Dave Hart has dealt with his fair share of criticism and scrutiny in his four-plus years as the athletic director at Tennessee. The latest issue facing the athletic department is a federal lawsuit that claims the university created a “hostile sexual environment” and violated Title IX laws in its handling of sexual assault cases involving male athletes, predominantly football players.
Though Tennessee is mired in more trouble, Hart isn’t worried about his job security.
“I don’t (have any concerns),” he said last Thursday. “That’s a fair question as well. I communicate on a very regular basis, as you might imagine, with our chancellor (Jimmy Cheek). I respect him greatly, I think that respect is returned and his knowledge of the hill that we’ve had to climb, he’s respectful.
“He’s right where I am on this topic. We’ve got to do more. We’ve got to do better – everybody on our campus. It’s been a great relationship and a respectful, trusting relationship.”
The switch from Adidas to Nike spawned the branding issue regarding the discontinued use of the Lady Vols logo and name for all of the women’s teams except for the basketball team. That fiasco reached a conclusion earlier this month, when state lawmakers withdrew a bill that would have forced the university to reinstate the nickname for every women’s team as part of an agreement with the school that those teams would wear a commemorative patch on their uniforms starting next school year.
Hart caught heat last year for hiring basketball coach Donnie Tyndall, who lasted one season because of an NCAA investigation into his former program at Southern Mississippi that found Tyndall committed multiple major violations, including academic fraud.
The merging of the separate men’s and women’s athletic departments that was completed under Hart’s watch spawned a pair of gender discrimination lawsuits from former employees that were settled by the university.
I really feel for those who can’t let go. I mean that. I don’t harbor any resentment. I feel for them.
Tennessee athletic director Dave Hart
Hart was asked Thursday if he felt targeted publicly by some of the disgruntled former employees.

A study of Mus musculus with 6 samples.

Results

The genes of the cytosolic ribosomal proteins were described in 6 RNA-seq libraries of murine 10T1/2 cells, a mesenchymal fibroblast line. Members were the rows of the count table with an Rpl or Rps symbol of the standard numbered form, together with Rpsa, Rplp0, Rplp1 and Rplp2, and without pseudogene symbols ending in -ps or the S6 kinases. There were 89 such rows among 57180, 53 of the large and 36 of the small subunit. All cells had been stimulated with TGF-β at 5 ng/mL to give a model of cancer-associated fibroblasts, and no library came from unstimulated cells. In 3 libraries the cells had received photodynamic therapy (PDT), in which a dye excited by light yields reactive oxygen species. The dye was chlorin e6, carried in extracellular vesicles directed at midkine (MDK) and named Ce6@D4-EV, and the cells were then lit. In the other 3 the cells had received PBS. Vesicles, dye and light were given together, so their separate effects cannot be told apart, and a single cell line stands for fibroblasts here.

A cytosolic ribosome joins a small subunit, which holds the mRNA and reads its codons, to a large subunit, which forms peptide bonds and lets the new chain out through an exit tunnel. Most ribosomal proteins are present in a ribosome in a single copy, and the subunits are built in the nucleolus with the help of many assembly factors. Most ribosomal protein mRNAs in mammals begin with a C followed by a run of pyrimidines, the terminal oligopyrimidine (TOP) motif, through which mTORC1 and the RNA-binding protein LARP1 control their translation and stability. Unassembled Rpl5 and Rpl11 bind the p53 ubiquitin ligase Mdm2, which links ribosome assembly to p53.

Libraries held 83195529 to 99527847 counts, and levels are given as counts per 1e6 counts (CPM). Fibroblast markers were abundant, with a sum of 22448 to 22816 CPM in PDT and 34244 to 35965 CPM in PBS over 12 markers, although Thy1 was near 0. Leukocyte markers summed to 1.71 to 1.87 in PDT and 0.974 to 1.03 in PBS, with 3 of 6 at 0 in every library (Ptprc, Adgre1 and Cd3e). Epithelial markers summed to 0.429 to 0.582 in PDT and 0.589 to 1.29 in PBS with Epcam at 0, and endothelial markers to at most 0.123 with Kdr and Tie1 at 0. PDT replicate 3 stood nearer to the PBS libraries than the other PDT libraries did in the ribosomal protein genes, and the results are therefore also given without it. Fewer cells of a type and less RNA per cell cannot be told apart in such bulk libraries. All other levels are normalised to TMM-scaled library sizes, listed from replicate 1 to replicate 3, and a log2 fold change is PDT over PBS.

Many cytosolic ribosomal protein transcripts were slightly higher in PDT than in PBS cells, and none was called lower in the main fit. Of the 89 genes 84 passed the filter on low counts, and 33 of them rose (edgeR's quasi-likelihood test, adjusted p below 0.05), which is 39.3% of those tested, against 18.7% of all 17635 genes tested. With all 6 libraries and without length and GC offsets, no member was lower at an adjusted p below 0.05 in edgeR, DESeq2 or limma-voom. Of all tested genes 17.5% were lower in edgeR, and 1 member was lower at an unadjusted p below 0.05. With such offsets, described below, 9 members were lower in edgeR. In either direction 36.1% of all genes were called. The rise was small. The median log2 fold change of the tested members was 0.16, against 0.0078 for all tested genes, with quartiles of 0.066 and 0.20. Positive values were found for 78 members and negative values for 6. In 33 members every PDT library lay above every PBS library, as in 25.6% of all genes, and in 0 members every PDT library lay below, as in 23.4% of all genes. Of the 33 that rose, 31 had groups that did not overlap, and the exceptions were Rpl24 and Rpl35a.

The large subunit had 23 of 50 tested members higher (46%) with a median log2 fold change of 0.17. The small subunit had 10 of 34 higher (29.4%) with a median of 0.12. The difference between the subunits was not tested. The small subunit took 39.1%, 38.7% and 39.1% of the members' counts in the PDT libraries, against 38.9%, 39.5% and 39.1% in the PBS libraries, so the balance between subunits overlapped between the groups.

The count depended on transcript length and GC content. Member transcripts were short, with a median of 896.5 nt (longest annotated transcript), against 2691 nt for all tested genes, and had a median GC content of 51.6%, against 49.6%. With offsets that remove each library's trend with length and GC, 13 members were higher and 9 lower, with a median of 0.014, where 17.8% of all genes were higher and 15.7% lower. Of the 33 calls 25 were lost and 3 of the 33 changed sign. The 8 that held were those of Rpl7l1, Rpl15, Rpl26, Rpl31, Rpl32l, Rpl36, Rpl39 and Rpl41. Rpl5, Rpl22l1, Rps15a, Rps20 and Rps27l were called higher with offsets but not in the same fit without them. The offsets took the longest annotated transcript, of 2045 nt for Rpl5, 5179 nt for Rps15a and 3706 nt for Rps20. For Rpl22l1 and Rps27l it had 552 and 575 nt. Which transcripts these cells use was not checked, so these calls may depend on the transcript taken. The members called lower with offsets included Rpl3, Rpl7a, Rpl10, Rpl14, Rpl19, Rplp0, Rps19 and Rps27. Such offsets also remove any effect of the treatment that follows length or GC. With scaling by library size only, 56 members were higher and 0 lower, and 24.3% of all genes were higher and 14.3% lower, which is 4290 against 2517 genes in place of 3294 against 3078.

“I told you I would be open and transparent and honest and candid,” he replied. “There are some unhappy people. It doesn’t have anything to do with this that we’re talking about. I want to make that clear. But yeah, we have a handful of former employees who are very unhappy.
“For the local people in here, you know who they are, because they’re sources for you. Not with accurate information, but they’re sources. You can’t worry about that. I go back to what I said: Life’s too short to engage in that. I really feel for those who can’t let go. I mean that. I don’t harbor any resentment. I feel for them.”
In this week’s issue, Sports Illustrated rehashed Hart’s past troubles at Tennessee and Florida State, where an internal investigation found that he and other athletic department officials failed to immediately report a rape allegation involving a football player in 1997 and a gender-discrimination lawsuit filed by a women’s basketball coach was settled in 2003.
The story also mentioned Tim Rogers and Jenny Wright, two former Tennessee employees mentioned throughout the current lawsuit for voicing their concerns about the number of sexual assault cases and alleging that the athletic department interfered with and influenced the university’s handling of those cases.
The lawsuit claims the university “consciously disregarded the general and specific warnings raised” by Wright and Rogers in addition to acting with “deliberate indifference” and “direct interference” in those cases.
Rogers resigned in 2013, calling the university’s failure to address his concerns an “intolerable situation,” and Wright was fired the same month amid accusations she was having inappropriate relations with athletes, though she later was cleared of wrongdoing.
Hart said Thursday he was confident his coaches followed the proper protocols in those cases and that his department “doesn’t interact” in any police or university investigations.
“We don’t deal with it,” he said. “We don’t engage in that. We are not an investigative body, nor do we have any purview in that arena. We don’t deal with it. As I said, we have one liaison both to authorities and the student conduct office.”